Coffea Arabica is a species of Coffea originally indigenous to the mountains of Yemen in the Arabian Peninsula, hence its name, and also from the southwestern highlands of Ethiopia and southeastern Sudan. It is also known as the “coffee shrub of Arabia”, “mountain coffee” or “arabica coffee”. Coffea arabica is believed to be the first species of coffee to be cultivated, being grown in southwest Arabia for well over 1,000 years. Its production began in Indonesia in 1699.
Coffea Arabica oil comes from the tiny seeds in the berry. It takes many pounds of berries to make one ounce of oil, hence the high cost. Sherry was studying about the Egyptians while working on her Formulas. She was interested in what Cleopatra used on her skin. Several of the essential oils that Sherry uses, Cleopatra may have also utilized. But what she found most interesting was that the embalmers, who mummified the bodies, used caffeine to preserve their skin. Sherry tried it on her skin and liked the results, which is why Formula 8 has Coffea Arabica oil.
The wild plants grow to between 9 and 12 m tall, and have an open branching system; the leaves are opposite, simple elliptic-ovate to oblong, and grow in axillary clusters. The fruit is a drupe (though commonly called a “berry”) 10–15 mm in diameter, maturing bright red to purple and contains two seeds (the coffee ‘bean’).
Originally found in the southwestern highlands of Ethiopia, Coffea arabica is now rare there in its native state, and many populations appear to be mixed native plants.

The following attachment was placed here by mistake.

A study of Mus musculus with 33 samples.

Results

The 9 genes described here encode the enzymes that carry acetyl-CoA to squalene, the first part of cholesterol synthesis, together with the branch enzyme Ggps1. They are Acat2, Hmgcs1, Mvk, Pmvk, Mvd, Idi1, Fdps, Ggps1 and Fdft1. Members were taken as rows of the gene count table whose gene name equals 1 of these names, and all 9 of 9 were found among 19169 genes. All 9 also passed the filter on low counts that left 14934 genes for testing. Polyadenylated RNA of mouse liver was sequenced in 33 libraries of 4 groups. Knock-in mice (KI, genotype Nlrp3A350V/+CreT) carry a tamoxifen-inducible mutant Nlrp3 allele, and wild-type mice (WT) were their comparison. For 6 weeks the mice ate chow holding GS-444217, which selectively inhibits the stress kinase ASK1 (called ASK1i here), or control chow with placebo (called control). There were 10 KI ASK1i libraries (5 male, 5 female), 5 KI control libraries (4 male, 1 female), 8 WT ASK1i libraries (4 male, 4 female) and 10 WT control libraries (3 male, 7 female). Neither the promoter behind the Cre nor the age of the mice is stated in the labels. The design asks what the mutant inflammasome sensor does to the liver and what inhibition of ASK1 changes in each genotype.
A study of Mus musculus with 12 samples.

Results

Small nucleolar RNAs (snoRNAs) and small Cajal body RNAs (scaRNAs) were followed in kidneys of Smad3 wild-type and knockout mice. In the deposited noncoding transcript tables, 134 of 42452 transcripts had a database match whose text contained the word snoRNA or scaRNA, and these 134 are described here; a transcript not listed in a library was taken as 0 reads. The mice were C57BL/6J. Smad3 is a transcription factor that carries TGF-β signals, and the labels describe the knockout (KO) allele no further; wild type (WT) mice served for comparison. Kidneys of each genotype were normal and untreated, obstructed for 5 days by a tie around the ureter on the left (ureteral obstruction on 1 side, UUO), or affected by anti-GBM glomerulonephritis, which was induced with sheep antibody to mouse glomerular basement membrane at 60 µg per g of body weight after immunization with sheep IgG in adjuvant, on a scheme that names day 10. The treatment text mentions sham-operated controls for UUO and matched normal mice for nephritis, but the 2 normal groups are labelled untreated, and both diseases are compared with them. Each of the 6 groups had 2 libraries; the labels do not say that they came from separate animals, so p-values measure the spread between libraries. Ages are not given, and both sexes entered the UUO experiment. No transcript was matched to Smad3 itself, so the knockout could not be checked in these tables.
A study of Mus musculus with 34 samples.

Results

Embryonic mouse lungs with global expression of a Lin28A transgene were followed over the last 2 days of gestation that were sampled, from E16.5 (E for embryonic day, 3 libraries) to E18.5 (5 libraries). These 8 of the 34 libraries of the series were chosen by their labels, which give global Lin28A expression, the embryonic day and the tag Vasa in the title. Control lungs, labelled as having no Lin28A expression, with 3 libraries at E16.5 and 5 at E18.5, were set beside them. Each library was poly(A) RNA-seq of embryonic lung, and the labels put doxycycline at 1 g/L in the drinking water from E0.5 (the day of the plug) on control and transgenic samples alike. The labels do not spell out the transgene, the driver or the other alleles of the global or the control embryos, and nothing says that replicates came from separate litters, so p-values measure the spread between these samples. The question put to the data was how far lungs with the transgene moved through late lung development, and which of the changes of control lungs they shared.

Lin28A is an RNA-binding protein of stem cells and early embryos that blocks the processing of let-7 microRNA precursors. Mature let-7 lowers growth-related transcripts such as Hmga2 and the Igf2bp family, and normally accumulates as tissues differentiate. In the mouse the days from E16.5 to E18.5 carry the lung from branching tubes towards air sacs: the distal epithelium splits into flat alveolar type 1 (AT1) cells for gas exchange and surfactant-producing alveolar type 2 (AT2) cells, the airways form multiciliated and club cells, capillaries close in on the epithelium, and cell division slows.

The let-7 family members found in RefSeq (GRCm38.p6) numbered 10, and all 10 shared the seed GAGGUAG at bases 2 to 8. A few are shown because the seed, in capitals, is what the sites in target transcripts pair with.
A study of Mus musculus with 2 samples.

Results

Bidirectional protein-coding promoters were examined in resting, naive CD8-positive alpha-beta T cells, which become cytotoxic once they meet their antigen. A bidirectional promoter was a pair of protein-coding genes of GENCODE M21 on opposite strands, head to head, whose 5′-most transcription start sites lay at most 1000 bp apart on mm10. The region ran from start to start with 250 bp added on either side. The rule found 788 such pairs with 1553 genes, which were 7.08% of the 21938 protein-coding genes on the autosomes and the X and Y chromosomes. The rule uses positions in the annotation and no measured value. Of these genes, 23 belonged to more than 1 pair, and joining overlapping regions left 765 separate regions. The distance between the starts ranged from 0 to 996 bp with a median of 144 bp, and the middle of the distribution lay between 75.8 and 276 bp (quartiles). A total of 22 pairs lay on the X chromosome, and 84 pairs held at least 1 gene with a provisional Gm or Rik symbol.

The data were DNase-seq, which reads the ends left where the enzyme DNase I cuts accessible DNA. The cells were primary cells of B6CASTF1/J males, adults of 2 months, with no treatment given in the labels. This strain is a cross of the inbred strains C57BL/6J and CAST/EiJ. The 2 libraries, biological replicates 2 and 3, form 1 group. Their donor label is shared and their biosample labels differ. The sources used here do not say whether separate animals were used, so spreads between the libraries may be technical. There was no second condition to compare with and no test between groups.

C. arabica takes about seven years to mature fully, and does best with about 40–59 inches of rain, evenly distributed throughout the year. It is usually cultivated between 1,300 and 1,500 m altitude, but there are plantations as low as sea level and as high as 2,800 m.
Two to four years after planting, C. arabica produces small, white and highly fragrant flowers. The sweet fragrance resembles the sweet smell of jasmine flowers. When flowers open on sunny days, this results in the greatest numbers of berries. This can be a curse, however, as coffee plants tend to produce too many berries; this can lead to an inferior harvest and even damage yield in the following years. On well kept plantations, this is prevented by pruning the tree. The flowers themselves only last a few days, leaving behind only the thick dark green leaves. The berries then begin to appear. These are as dark green as the foliage, until they begin to ripen, at first to yellow and then light red and finally darkening to a glossy deep red. At this point they are called ‘cherries’ and are ready for picking.
Recent research has discovered that caffeine applied topically can help prevent skin cancer. Coffea Arabica Oil is supercharged with caffeine, though not as much as other type coffees. It has been in Sherry’s Formula 8 for more then 50 years.